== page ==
Georgia teen Charles Turner faces new charges in $25 million tax refund scheme
DeKalb County Sheriff’s Office(ATLANTA) — Just when it appeared he was off the hook, a computer-savvy team was re-arrested in a brazen scheme to pilfer up to $25 million from the Georgia Department of Revenue, officials said.
Alleged con artist Charles Turner, 19, was booked into the Dekalb County jail on suspicion of attempting numerous times to hoodwink state tax collectors into sending him a massive tax refund, according to a search warrant affidavit.
“I think from what he was able to accomplish at such a young age was pretty impressive from a criminal standpoint,” Josh Waites, chief investigator for the Georgia Department of Revenue, told ABC News on Wednesday.
Turner was arrested on Jan. 18, the same day he was released from jail in Henry County, Georgia, after prosecutors there dropped forgery charges against him, officials said.
Turner, who celebrated his 19th birthday on Dec. 30, allegedly committed the tax refund swindle from his mother’s home in suburban Atlanta, Waites said.
“He had been out of high school and was just doing this full time,” Waites said. “When we walked into his house, he had academic awards on the wall. He’s a very smart kid but he was just making poor decisions with his level of intelligence.”
Waites said Turner allegedly set up two bogus online businesses offering to sell electronic goods. But instead of delivering the products, he used bank account information and check routing numbers he got from customers in his illicit scheme, Waites said.
“He set up a couple of businesses here in the state of Georgia and in our system he registered those businesses as if they were legitimate businesses, and when you do that you have to file certain returns, one of them being a withholding return,” Waites said.
In at least 25 alleged attempts in about a month, Turner dramatically overpaid withholding taxes by nearly $1 million each time, in hopes the state Department of Revenue would pay him a hefty refund, Waites said.
“We have a pretty robust system to protect us against things like that. So, he never got any money,” Waites said. “And that’s probably the most important thing in this whole story. He never got the money. But he attempted to overpay us over $25 million in an attempt to get that money back as a refund.”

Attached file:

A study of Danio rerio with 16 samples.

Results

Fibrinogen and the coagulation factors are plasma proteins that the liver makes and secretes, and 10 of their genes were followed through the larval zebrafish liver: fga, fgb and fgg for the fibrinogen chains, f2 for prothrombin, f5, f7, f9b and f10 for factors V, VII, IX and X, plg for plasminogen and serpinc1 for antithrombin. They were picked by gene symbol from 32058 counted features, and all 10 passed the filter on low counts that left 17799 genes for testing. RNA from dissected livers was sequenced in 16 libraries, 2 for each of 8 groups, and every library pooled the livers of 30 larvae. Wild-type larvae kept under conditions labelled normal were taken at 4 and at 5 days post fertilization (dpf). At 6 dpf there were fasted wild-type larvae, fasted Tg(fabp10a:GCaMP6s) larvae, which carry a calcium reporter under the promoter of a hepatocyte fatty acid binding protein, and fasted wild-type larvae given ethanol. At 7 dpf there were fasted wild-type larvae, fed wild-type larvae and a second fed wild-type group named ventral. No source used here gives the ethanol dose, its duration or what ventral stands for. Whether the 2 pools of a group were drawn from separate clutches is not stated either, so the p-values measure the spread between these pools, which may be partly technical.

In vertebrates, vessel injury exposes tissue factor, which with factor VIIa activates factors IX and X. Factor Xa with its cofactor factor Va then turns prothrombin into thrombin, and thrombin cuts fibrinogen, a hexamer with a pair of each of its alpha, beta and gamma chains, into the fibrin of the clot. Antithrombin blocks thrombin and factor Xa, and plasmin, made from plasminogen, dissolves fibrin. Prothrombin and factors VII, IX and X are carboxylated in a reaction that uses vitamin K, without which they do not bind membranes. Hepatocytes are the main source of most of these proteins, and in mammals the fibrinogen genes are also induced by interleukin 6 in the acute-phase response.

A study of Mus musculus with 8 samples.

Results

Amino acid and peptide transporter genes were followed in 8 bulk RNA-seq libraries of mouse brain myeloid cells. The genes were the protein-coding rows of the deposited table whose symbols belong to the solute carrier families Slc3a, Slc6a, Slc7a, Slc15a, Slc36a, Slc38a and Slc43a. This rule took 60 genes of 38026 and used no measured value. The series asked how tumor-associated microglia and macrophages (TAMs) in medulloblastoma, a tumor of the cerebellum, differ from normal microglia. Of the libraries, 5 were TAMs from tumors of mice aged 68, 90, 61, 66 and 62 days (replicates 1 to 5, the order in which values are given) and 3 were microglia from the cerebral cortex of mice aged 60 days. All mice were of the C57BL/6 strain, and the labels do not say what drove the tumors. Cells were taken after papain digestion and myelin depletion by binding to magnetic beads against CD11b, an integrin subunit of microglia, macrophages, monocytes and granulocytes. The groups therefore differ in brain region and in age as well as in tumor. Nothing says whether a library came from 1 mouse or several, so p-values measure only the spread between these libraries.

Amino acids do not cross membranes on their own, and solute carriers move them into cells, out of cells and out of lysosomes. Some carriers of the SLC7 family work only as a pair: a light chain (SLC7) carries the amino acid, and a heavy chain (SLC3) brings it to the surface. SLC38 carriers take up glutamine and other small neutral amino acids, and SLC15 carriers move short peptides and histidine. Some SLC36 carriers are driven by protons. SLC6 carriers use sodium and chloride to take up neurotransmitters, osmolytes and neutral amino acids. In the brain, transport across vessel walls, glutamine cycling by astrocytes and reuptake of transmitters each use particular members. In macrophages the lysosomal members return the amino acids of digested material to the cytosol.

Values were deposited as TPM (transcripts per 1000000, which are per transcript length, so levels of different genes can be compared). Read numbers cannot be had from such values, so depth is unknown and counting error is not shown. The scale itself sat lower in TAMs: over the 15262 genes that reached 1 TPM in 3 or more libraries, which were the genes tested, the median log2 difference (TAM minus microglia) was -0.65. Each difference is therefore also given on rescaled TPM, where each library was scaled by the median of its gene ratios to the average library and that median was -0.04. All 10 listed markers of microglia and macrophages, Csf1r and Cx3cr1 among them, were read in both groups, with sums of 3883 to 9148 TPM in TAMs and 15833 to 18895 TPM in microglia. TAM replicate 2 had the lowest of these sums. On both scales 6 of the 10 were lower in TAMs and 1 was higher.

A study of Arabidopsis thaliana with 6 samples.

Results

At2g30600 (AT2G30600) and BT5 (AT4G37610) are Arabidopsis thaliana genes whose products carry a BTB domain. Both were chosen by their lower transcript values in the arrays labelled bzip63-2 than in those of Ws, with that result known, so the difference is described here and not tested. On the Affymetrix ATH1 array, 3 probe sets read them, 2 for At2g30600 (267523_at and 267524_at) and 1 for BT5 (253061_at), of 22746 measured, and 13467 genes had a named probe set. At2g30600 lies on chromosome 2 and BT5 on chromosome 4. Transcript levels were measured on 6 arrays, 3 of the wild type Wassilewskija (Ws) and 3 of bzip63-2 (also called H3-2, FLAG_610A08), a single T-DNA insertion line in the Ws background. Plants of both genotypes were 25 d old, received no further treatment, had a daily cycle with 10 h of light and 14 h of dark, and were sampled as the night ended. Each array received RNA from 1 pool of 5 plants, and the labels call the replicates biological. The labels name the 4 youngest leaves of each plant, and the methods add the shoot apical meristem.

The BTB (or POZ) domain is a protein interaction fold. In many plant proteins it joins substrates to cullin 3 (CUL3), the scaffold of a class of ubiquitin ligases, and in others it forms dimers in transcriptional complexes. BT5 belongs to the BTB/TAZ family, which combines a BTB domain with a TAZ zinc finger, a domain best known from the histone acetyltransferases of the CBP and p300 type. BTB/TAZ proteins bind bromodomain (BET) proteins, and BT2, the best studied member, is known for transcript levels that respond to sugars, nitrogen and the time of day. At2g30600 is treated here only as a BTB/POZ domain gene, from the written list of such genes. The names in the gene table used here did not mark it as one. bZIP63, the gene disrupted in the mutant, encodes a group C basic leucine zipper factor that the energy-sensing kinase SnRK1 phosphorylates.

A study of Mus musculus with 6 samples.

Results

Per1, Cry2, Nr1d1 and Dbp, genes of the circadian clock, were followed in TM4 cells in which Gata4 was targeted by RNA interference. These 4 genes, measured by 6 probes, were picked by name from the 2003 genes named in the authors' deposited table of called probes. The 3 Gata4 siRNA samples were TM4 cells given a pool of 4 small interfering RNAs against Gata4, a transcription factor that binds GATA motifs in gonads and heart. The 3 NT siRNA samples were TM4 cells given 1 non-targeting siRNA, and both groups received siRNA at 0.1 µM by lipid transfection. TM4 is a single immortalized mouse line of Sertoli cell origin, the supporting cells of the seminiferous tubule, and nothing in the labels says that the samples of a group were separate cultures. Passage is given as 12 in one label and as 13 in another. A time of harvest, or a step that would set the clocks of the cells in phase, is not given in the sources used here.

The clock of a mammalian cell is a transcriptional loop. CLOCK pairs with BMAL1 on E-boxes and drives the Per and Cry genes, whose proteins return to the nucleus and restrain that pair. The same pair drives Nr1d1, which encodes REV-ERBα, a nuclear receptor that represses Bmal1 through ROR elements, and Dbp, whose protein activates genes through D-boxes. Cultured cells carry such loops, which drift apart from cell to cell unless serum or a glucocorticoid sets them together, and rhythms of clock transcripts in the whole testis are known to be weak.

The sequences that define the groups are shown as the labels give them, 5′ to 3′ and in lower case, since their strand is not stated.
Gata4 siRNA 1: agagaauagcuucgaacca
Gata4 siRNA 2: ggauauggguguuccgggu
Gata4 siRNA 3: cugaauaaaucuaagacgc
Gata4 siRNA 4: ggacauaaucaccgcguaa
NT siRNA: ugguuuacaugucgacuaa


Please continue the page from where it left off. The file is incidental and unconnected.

Turner was first arrested on Dec. 8 at his family’s Riverdale, Georgia, home.
Waites said Turner was initially charged with forgery in Henry County, stemming from a scheme dubbed “check kiting,” in which he deposited fraudulent checks in an account he had at a Sun Trust bank and then went to another bank on the same day and withdrew $18,000.
The forgery charge against him was dismissed.
“Henry County charged him with forgery. That’s why they let him out because it’s not really the right charge,” Waites said. “They need to charge him with something else because he owned both accounts so he didn’t really forge anything. He basically committed theft. So they’re going to have to re-indict him on that.”
Instead of letting Turner walk out of jail, the Department of Revenue sought and was granted a criminal arrest warrant to lock him up in Dekalb County, where he was booked on suspicion of criminal intent to commit a felony and computer theft.
Turner was being held Wednesday on $30,000 bail, according to Waites, pending formal charges by the Dekalb County District Attorney’s Office.
It was unclear if he has an attorney and efforts by ABC News to reach his family were unsuccessful.
Waites said investigators believe Turner used the $18,000 he got in the earlier “check kiting” scheme to purchase two used cars from separate dealerships.
He said investigators have found no evidence that Turner’s mother was aware he was allegedly running the scam out of her house.
“He was telling [his mother] that he was buying items off Amazon that were on sale and then reselling them,” Waite said. “We asked her, ‘Did you ever wonder why your 18-year-old son had two almost brand new cars?’ And she said, ‘He was telling me he was doing really good and that it was all internet based.’ We tend to believe her.”